One of the problems with Donald Trump is that his racist and way-too-fascist statements crowd out his other idiotic pronouncements.

For example, consider what Trump said Monday night about the Internet:

The very fact that the only name Trump mentioned — Bill Gates — made his billions in the pre-Internet era suggests that maybe, just maybe, Trump doesn’t know what he’s talking about. Again.

The thing is, though, that Trump is actually somewhat late to this stupid party. Because just 24 hours earlier, as the New York Times’ David Sanger reports, Hillary Clinton weighed in on this question as well:

Hillary Clinton said on Sunday that the Islamic State had become “the most effective recruiter in the world” and that the only solution was to engage American technology companies in blocking or taking down militant websites, videos and encrypted communications.

“You are going to hear all the familiar complaints: ‘freedom of speech,’ ” Mrs. Clinton said in an hourlong speech and question-and-answer session at the Saban Forum, an annual gathering at the Brookings Institution that focuses mostly on Israel’s security issues.

In a reference to Silicon Valley’s reverence for disruptive technologies, Mrs. Clinton said, “We need to put the great disrupters at work at disrupting ISIS,” an acronym used for the militant group.

Clinton spoke in grammatically correct sentences, but besides that, there does not appear to be much difference between Clinton’s idea and Trump’s idea.

So a few things about this rather disturbing Clinton/Trump joint:

1. In the name of all that is holy, political candidates should not use the word “disruption” ever again. For all the talk about the higher ed bubble, the past year has made it very clear that if there was a bubble in anything, it was in people using the word “disruption” without having a clear idea of what it actually means. And as it turns out, the dominant theory of disruption appears to have a few holes in it.

There’s a longer essay that needs to be written about the ways in which Silicon Valley-speak is now bleeding over into political and policy discourse, but for now, I hereby propose #DreznersRule:  when politicians start using a Silicon Valley buzzword, that’s the sign that the buzzword has lost its original meaning.

2. You don’t get to hand-wave “freedom of speech” complaints away. As Sanger notes in his story:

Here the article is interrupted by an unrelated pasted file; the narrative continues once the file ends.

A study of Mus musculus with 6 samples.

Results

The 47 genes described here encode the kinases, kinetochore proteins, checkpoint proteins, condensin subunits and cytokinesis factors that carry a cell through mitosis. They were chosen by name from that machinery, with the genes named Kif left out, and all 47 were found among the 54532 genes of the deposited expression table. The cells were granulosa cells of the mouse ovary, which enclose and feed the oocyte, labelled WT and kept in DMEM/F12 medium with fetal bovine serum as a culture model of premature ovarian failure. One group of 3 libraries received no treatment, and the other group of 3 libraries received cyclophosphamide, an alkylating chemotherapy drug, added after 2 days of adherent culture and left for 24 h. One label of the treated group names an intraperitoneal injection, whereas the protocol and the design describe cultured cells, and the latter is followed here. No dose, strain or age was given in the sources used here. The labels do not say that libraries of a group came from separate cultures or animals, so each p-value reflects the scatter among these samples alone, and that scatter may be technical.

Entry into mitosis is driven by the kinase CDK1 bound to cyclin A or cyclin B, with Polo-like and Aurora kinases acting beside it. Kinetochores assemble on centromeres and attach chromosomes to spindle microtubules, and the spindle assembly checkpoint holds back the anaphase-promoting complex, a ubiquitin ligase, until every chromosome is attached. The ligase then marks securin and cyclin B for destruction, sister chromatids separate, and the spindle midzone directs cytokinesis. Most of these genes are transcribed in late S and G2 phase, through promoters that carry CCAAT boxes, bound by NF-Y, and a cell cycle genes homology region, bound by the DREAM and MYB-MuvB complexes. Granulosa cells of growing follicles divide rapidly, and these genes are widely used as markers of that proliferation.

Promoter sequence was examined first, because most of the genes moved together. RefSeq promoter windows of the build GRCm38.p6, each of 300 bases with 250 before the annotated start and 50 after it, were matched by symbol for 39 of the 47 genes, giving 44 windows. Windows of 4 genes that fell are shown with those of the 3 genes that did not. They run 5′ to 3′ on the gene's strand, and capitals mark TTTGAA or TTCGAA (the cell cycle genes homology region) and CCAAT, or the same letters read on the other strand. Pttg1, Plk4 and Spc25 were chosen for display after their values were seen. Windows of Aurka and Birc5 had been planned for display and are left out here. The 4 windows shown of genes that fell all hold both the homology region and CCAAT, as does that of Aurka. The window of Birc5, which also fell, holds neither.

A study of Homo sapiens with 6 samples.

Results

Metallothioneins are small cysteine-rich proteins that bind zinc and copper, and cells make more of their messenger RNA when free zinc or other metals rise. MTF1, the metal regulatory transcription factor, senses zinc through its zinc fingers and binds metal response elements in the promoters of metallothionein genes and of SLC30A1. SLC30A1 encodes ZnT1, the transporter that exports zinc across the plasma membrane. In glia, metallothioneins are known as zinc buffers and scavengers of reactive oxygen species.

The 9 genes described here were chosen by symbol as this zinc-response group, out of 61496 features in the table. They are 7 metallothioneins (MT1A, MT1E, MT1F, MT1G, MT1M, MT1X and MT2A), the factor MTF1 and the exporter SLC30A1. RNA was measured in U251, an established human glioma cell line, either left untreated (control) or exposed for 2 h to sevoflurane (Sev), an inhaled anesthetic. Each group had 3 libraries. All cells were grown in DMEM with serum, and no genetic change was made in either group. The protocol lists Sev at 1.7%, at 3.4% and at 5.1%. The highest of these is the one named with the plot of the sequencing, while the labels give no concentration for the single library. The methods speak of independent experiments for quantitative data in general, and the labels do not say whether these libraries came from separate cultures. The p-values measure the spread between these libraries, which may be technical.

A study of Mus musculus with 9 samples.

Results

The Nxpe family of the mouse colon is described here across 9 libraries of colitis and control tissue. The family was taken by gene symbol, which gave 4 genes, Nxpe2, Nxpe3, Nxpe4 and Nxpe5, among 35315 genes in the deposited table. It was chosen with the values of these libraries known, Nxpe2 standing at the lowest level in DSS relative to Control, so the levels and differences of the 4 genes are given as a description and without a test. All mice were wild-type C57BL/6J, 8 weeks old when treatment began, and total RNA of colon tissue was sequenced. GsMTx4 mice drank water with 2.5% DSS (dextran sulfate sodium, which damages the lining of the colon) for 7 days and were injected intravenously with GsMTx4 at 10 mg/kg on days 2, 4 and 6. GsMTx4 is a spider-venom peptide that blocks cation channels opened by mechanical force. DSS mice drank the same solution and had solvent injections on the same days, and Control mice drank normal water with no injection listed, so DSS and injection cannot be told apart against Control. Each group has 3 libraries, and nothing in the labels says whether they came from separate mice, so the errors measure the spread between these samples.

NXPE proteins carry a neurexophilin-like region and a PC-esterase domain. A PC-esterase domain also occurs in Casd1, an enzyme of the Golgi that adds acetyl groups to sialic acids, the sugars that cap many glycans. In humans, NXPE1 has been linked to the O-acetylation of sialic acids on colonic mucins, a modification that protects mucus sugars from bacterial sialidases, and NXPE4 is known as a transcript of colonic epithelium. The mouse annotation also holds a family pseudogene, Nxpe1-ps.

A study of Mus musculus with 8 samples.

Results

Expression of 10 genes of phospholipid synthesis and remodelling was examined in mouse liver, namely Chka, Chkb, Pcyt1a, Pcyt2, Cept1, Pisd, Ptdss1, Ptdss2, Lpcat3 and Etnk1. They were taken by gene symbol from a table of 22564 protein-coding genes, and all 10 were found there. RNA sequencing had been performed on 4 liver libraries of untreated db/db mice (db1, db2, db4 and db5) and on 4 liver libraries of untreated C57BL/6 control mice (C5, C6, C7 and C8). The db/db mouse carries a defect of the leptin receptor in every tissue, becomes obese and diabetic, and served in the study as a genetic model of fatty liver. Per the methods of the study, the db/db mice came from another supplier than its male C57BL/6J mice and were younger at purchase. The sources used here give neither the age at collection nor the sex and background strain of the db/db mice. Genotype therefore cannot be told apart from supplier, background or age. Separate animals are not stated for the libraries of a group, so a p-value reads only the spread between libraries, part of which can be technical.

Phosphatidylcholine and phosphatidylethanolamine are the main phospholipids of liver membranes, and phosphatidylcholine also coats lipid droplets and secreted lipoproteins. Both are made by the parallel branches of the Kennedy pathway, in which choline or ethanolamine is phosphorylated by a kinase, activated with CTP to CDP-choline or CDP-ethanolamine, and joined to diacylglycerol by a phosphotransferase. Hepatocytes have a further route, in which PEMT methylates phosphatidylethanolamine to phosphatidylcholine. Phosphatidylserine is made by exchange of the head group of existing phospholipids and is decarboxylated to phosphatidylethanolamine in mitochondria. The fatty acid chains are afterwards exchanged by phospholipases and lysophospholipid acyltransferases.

[F]or most social media companies, keeping up with suspected radical postings — much less removing them — is a major challenge.

It is also a question with considerable First Amendment implications. Company executives say removing YouTube videos of beheadings is an easy call; removing critiques of the West, or calls for religious purity, is not.

Over the past year, technology firms have made clear they do not want to be in the position of ideological censors. And Mrs. Clinton herself was a major advocate, as secretary of state, of programs that expanded Internet access to get around the censorship of repressive societies, starting with China.

This does not mean that there is no way that a policy can’t be crafted to better detect and defend against cyber-recruitment into terrorism. But simply mocking the First Amendment or decrying political correctness isn’t a policy, it’s an empty campaign slogan.

3. This isn’t really about the Internet. It’s about the message. The Trump/Clinton proposal plays to an American tendency to believe that there are technological solutions to political problems. This isn’t always a bad thing — sometimes technology really is helpful!! But if folks like Trump are wondering why the Islamic State is successful in its recruitment, maybe they should consider the following deep thought:

This isn’t about restricting freedom of speech, or political correctness, it’s about gaming out the effects of over-the-top rhetoric on populations that are susceptible to extremist messages.

Thinking that Silicon Valley can somehow “solve” the online recruitment practices of the Islamic State, al-Qaeda, and other terrorist groups is akin to thinking that precision-guided munitions and targeted financial sanctions will solve the problems with military compellence or economic sanctions. These innovations can help on the margins, but they do not change the fundamental difficulties of the policy problem at hand.